David Castillo’s Latino Leadership OKC class attended the Oklahoma City Council meeting Tuesday. The well-dressed, alert young adults took notes and watch intently.
“Now more than ever it’s important for people to understand that there are professional Latinos and Latinas out there,” Castillo told Free Press.
He is the president/CEO of the Greater Oklahoma City Hispanic Chamber of Commerce.
Castillo’s concern was for people to gain a perspective of Hispanic culture that is different from what is currently at the top of the news.
“We have all this talk about immigrants and immigration…, but there’s many professional Latinos and Latinas who have been here for years. I think it’s very important for people to see the professional side,” Castillo said.
Directly following the council meeting, they met in a room just off the council chamber to discuss what they had learned. Some of them were at City Hall for the first time ever.
As they started digging into Roberts Rules of Order they used the proceedings they just observed as raw material for discussion.
It was the second session of six they will experience together. And this is the fourth such leadership class to be formed.
The focus for this session was about how to function on commissions and boards, an important first step for young leaders to gain influence in Oklahoma City.
Before their session started he pointed out “everybody here are already professionals.” He said they were employed and starting to learn about community leadership, especially city government because “it impacts economic development.”
Free Press visited with two of the young community leaders in the making.
Anahi Figueroa said that she was born in Oklahoma City and grew up on the south side. Since then, she graduated from University of Central Oklahoma with a degree in Science.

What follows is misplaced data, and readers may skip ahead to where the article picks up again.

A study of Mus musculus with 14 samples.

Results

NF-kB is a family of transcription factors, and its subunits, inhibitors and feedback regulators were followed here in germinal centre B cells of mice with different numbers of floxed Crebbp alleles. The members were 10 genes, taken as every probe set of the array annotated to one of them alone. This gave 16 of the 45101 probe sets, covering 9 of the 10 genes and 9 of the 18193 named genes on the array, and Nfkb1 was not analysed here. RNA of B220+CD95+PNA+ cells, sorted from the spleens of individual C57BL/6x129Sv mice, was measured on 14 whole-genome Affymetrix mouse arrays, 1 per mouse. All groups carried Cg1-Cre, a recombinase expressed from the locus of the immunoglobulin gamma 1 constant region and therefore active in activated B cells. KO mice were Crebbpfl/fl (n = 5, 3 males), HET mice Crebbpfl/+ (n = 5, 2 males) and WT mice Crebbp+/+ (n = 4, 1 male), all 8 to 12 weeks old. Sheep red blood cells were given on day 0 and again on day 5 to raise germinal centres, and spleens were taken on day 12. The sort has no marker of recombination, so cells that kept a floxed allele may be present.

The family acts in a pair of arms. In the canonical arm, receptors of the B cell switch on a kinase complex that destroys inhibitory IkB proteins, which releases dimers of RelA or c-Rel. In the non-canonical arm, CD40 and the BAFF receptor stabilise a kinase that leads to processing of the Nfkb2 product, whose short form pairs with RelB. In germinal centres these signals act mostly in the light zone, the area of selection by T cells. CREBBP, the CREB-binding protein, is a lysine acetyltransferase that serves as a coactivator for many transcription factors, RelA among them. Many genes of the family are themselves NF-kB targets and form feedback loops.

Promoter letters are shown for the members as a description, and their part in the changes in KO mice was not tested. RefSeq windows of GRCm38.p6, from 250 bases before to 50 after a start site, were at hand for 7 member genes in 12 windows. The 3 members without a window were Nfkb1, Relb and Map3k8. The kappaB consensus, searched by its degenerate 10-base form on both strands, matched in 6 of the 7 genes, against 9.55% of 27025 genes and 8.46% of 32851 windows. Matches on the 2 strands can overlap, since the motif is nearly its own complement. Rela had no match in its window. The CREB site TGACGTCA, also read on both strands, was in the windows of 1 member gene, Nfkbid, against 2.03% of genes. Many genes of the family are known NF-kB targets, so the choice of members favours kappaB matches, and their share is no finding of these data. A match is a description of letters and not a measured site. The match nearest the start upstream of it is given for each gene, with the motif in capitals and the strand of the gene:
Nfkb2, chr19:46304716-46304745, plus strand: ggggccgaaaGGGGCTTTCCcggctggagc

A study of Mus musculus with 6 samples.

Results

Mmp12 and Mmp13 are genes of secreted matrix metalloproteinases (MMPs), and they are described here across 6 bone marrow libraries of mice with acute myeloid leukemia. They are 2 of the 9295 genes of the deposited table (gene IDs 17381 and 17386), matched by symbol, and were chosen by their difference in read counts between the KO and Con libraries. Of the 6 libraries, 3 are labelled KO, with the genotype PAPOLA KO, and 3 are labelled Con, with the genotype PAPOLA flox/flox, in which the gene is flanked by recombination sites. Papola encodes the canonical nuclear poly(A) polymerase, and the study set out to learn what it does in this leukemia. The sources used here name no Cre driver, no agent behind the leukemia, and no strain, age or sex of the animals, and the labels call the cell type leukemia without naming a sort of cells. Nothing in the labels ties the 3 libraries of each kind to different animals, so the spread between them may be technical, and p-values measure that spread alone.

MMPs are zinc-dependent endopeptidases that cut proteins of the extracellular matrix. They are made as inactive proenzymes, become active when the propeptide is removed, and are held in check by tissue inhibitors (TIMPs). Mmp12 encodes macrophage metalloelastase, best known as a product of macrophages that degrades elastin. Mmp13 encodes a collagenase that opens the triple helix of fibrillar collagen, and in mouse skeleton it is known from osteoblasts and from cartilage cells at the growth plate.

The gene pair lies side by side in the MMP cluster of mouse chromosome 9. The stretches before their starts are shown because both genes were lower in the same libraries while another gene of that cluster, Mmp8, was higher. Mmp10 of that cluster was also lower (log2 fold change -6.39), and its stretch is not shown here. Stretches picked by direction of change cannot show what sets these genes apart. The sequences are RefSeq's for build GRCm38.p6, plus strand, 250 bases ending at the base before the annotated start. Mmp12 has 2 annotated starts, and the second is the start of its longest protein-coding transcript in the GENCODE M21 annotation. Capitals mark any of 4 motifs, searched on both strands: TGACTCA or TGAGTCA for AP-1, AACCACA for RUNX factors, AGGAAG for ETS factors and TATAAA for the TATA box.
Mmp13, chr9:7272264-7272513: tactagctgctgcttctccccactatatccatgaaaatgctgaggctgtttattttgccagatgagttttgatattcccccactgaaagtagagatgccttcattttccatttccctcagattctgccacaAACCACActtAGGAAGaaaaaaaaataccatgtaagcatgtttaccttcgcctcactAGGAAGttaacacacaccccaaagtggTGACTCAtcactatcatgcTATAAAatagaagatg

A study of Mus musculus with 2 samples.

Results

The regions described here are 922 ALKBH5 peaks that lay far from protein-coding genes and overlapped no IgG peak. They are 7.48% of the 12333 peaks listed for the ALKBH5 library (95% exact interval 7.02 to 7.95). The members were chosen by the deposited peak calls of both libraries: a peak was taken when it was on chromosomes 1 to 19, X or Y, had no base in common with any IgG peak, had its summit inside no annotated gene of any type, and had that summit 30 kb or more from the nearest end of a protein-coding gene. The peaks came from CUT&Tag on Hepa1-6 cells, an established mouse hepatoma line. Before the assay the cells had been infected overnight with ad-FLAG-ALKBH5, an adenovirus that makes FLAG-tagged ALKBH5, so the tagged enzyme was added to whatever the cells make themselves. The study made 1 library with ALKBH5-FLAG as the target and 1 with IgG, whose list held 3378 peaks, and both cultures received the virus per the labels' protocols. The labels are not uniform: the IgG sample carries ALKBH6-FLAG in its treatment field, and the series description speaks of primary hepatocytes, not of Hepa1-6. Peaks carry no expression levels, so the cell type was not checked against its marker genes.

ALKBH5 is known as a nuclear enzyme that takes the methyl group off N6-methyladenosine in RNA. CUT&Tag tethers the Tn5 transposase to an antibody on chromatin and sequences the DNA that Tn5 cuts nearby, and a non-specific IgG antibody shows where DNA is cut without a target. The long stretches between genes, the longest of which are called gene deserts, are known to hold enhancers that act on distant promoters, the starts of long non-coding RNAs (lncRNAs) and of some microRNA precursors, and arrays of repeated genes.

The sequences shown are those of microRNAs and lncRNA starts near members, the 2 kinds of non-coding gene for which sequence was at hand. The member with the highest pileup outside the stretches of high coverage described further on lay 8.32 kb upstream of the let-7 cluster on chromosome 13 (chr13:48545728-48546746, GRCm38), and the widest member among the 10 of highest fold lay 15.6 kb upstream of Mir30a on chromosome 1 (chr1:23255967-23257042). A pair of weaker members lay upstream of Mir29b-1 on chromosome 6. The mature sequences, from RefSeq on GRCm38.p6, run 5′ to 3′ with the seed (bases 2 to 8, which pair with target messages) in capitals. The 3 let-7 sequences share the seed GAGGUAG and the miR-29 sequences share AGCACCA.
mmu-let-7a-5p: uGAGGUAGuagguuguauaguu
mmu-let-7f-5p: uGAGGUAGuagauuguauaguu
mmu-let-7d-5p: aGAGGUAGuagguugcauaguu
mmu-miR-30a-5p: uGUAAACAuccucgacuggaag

Currently, she is the community outreach coordinator for Variety Care.
“Leadership class is great because I’m able to do many things and take the learning back to my organization,” she said.
She thought the council session was “very interesting” and “exciting.”
What is the most important thing that she is learning in the class? She pointed out that there were some direct benefits for the community work she does right now.
“Being a good public speaker is very important to get your point across,” Figueroa said. “Every time you speak to a crowd they want to walk away with something.”
Rudy Vargas is a supervisor in Collections and Adjustments for Tinker Federal Credit Union. He was “expecting very little” at the beginning of the process, but now “it’s amazing.”
Vargas mirrored what Castillo said about the value of the class.
“The thing that I’ve learned is that a lot of times, as Latinos, we don’t use our leadership to create a good influence on the way people see us or our economic power.”
We asked what he hoped to get out of the class.
He said he wants “to network and get to know a lot of people, get the good connections, and learn how to be a better leader.”
Castillo said that the next session will be at the Capitol where they will visit with several legislators about political leadership and learn how a bill becomes law.